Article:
Koh Yao Noi (long, little island) is located in the Bay of Phang Nga, between Phuket and Krabi in the South of Thailand. Most of the island's 4000 inhabitants make their living harvesting latex from the rubber trees and from the fishing industry.

A small percentage of the locals sustain themselves by planting rice and from the growing tourist industry. The majority here are Muslim and speak the Southern dialect of the Thai language. There are four primary schools and one secondary school with a total of about 1,200 students.

Koh Yao Noi is one of the larger islands in Phang Nga Bay, an archipelago of 44 islands. It is easily accessible from both Phuket and Krabi Provinces and sports some of the most beautiful sea scenery in South East Asia.
Sea Gypsies (Moken people) where inhabiting the Bay before anybody else, except maybe other nomadic people like forest hunters and collectors (Sakai, Negritos).
The 3,500 or so inhabitants of Koh Yao Noi are thought to be recent migrants from the Malay Peninsula (Satun, Trang).


The Mon population, linguistically and culturally belonging to the Khmer ethnolinguistic group, did settled in peninsular Thailand since ever, ruling maritime states like the one of Ligor (Nakhon Sri Thamarat). They melt continuously with Southern migrants from Malaysia and with Northen rulers (Thai), over centuries of commercial exchanges and political conflicts.

Most probably the Mon stock remains prevalent for most of the people living nowadays in Southern Thailand, includoing people of Koh Yao.
Numerous cave paintings hidden in the many islands of the bay, extending from 2000 years ago to last century, attest the influence of distinct communities in the emergence of a mixed origin population, living now in the provinces of Phang Nga, Phuket, Krabi and Satun.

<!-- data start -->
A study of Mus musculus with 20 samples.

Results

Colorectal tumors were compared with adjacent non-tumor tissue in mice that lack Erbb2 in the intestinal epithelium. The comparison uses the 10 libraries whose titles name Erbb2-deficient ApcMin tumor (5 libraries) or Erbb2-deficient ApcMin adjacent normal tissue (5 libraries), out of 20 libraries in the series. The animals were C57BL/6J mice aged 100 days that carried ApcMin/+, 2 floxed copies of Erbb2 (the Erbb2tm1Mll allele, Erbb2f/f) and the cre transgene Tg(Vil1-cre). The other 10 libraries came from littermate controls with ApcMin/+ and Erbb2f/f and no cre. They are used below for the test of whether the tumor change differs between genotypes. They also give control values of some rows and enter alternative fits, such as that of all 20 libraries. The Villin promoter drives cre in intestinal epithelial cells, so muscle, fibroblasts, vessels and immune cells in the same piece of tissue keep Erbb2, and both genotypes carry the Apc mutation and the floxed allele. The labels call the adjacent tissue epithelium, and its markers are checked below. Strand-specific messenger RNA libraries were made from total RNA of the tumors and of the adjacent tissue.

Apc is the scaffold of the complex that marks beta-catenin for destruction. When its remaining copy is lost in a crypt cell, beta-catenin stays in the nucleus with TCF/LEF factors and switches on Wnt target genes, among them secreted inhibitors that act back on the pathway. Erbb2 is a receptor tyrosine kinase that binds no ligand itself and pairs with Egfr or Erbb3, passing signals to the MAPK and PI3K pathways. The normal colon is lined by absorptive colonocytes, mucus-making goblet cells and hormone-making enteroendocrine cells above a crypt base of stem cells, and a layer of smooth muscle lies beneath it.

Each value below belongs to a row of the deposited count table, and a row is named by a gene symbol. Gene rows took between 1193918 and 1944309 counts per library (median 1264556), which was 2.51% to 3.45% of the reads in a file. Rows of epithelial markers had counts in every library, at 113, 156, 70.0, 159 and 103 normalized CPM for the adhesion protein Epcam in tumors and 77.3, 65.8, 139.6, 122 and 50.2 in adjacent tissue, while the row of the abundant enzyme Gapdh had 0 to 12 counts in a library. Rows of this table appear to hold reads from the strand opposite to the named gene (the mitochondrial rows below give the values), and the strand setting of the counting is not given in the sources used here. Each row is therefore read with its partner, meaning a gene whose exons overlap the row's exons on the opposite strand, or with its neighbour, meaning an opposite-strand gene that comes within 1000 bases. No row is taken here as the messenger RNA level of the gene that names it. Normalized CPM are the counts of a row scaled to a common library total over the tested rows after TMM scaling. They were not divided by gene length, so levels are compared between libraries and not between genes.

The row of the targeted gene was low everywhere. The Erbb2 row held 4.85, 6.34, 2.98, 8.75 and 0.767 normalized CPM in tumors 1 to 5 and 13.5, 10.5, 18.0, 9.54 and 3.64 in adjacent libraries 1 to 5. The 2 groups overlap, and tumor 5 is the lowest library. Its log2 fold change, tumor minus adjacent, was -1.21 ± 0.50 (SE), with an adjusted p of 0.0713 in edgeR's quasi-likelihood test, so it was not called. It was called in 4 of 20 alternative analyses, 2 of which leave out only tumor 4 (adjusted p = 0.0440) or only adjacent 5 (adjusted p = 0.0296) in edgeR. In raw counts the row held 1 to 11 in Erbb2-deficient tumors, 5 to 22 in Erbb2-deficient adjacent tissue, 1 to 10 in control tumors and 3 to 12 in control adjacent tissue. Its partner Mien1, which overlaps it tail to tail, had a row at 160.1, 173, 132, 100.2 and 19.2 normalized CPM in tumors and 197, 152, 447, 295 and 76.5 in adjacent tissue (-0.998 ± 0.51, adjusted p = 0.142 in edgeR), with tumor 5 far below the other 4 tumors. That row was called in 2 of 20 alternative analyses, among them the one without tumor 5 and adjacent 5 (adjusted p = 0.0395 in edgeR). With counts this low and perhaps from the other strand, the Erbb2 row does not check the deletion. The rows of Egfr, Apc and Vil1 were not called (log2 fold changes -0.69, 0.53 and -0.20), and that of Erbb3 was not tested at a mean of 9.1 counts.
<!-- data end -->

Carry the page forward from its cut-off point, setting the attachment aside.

The most recent migrations (17th-18th century) from Satun and Trang to Koh Yao Yai and Koh Yao Noi is attested by the fact that the particular dialect spoken on the island still bear obvious Malaysian lexical traces, particularely regarding toponyms and vernacular names of the flora species.

The main industries on the island are fishing and rubber planting. A little rice farming and some fruit, palm and coconut plantations are evident. Boat building and farming techniques here have been passed from father to son and, while some of the youngsters leave Koh Yao to seek the bright lights of Phuket, most return to their tight knit community.

The island covers about 50 square kilometers and has approximately 18 kilometers of concrete and dirt road around it. Great for bicycling and walking. It is mountainous in the centre and has beaches to either side. The East side has beaches suitable for swimming and snorkeling and the West is a picturesque blend of rice flats and mangrove trees.
Being one of the biggest islands in the Phang Nga Bay archipelago, Koh Yao Noi is home to a hospital, several schools and a post office. 24 hour electricity supply, Internet access, mobile telephone connection and Automatic Teller Machine are available.


During the end of the Ayutthaya era, Koh Yao, Koh Lang and Laem Pak Pra were under Thalang , which shows that Koh Yao used to be under the government of Thalang or Phuket of now. In 1903 Koh Yao changed its status to a sub-district and later in 1988 was changed to a district. It is believed that the early population of Koh Yao sought refuge from war in Trang and Satun provinces.

Those who came from Trang settled on Koh Yao Noi while those from Satun settled on Koh Yao Yai. Now (in 2002) Koh Yao has a population of 12,490, most of which are of Muslim faith. The main income of the population of Koh Yao are from rubber, coconut, and cashew nut plantations, fishery, and herding.


  • Fish Scale Flowers: are made by the Housewives of Koh Yao Club by creating flowers, such as roses, geraniums, and bougainvillea from fish scales.
  • Dried Anchovies (Pla Ching Chang): are made from small anchovies that have been boiled and then sun-dried. These dried anchovies are rather salty but very nutritious and can be used in many local dishes such as dips, soups, or curries, or simply deep-fried and eaten as a snack.